2nd Ave. Subway Construction Needs More Air Monitoring, Pol Says
MANHATTAN — Upper East Side residents continue to worry that the dust and fumes from the Second Avenue subway construction is harming their health — despite an MTA study that assured them the air was safe.
After a federal safety inspection from November, which recently came to light, found a worker without a properly fitted face mask was exposed to excessive levels of silica — a carcinogen that can cause a fatal lung disease — the area's city councilwoman is now calling for an extra layer of testing.
Councilwoman Jessica Lappin introduced a measure on Wednesday that would require the city's Department of Environmental Protection to monitor the air near the construction site and publish monthly results online.
If dangerous levels of pollutants are found, the DEP commissioner would be required to take action, according to Lappin.
"I constantly hear about the Second Avenue subway cough and other health concerns," Lappin said in a statement. "Residents deserve to know if the air they are breathing is safe."
Many people living near the blasting and drilling claim they've developed chronic coughs, asthma and other problems they believe are associated with building the massive project. Around the neighborhood, people call it the "Second Avenue subway cough."
Their fears prompted the MTA to conduct an air-quality study for four weeks, starting Sept. 12, at 10 above-ground locations between East 69th and 87th streets. The results, presented in January, assured residents there were no harmful levels of pollutants.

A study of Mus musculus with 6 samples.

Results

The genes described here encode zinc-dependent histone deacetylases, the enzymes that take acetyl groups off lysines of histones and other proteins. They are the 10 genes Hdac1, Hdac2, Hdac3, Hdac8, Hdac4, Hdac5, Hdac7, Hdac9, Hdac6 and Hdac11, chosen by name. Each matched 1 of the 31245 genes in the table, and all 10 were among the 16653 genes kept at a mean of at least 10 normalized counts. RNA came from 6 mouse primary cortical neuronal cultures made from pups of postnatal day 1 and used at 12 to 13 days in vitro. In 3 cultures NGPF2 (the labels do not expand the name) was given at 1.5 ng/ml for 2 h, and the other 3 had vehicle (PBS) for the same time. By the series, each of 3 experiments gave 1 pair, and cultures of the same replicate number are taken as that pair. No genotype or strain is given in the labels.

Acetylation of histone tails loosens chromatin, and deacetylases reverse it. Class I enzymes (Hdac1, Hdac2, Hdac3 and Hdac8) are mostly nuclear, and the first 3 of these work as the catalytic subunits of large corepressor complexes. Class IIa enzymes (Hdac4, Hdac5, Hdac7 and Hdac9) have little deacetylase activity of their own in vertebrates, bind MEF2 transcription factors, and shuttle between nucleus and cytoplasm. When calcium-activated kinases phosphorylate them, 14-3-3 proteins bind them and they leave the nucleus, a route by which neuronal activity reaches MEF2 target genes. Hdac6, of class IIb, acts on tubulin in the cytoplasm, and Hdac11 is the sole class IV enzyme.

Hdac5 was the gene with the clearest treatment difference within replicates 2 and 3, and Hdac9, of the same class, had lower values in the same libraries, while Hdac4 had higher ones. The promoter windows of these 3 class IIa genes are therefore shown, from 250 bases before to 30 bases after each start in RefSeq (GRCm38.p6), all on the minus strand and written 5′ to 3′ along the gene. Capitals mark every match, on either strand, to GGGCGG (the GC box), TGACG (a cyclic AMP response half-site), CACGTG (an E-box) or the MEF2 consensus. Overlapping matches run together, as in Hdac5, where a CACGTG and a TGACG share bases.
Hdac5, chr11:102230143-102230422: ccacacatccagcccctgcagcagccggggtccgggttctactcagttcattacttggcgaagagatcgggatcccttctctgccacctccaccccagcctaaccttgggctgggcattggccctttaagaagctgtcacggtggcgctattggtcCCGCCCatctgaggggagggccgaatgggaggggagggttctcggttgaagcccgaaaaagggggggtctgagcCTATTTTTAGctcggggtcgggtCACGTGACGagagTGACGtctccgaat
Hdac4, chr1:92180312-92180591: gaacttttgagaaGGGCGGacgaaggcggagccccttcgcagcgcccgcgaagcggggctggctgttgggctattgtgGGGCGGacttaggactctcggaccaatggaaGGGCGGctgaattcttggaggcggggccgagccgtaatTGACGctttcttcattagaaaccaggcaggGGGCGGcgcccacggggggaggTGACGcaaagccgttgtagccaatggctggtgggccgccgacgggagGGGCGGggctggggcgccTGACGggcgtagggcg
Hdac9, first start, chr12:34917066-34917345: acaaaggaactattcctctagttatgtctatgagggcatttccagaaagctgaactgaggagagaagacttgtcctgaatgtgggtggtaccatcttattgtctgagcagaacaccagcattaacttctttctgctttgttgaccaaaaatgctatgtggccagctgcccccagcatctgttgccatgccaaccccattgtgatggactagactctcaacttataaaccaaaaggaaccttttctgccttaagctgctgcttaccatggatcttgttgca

"Ongoing air monitoring is already in place that provides real time monitoring along the Second Avenue construction site," an MTA spokesman said, adding that the agency's independently conducted air-quality study confirmed the work does "not violate health-based standards or guidelines."
MTA officials emphasized that the silica found at the work site underground — where workers are supposed to be wearing proper protection equipment — falls to the floor of the tunnel and doesn't float upward.
It is "essentially impossible for it to impact the air quality at the street level 100 feet above," an MTA spokesman had said.
Lappin, however, wants more assurances.
"The MTA says the air is safe, but we need to know for sure," she said. "Monthly testing by an outside agency would help us breathe a little easier."
The DEP did not respond to requests for comment.
Manhattan Borough President Scott Stringer helped craft legislation with Assemblyman Dan Quart, who introduced a bill in Albany last month, calling for the state Department of Environmental Conservation to conduct an air-quality analysis of the blasting area.
The $4.45 billion first phase of the project, which will extend the Q line from East 63rd up to East 96th street, is expected to be completed by December 2016.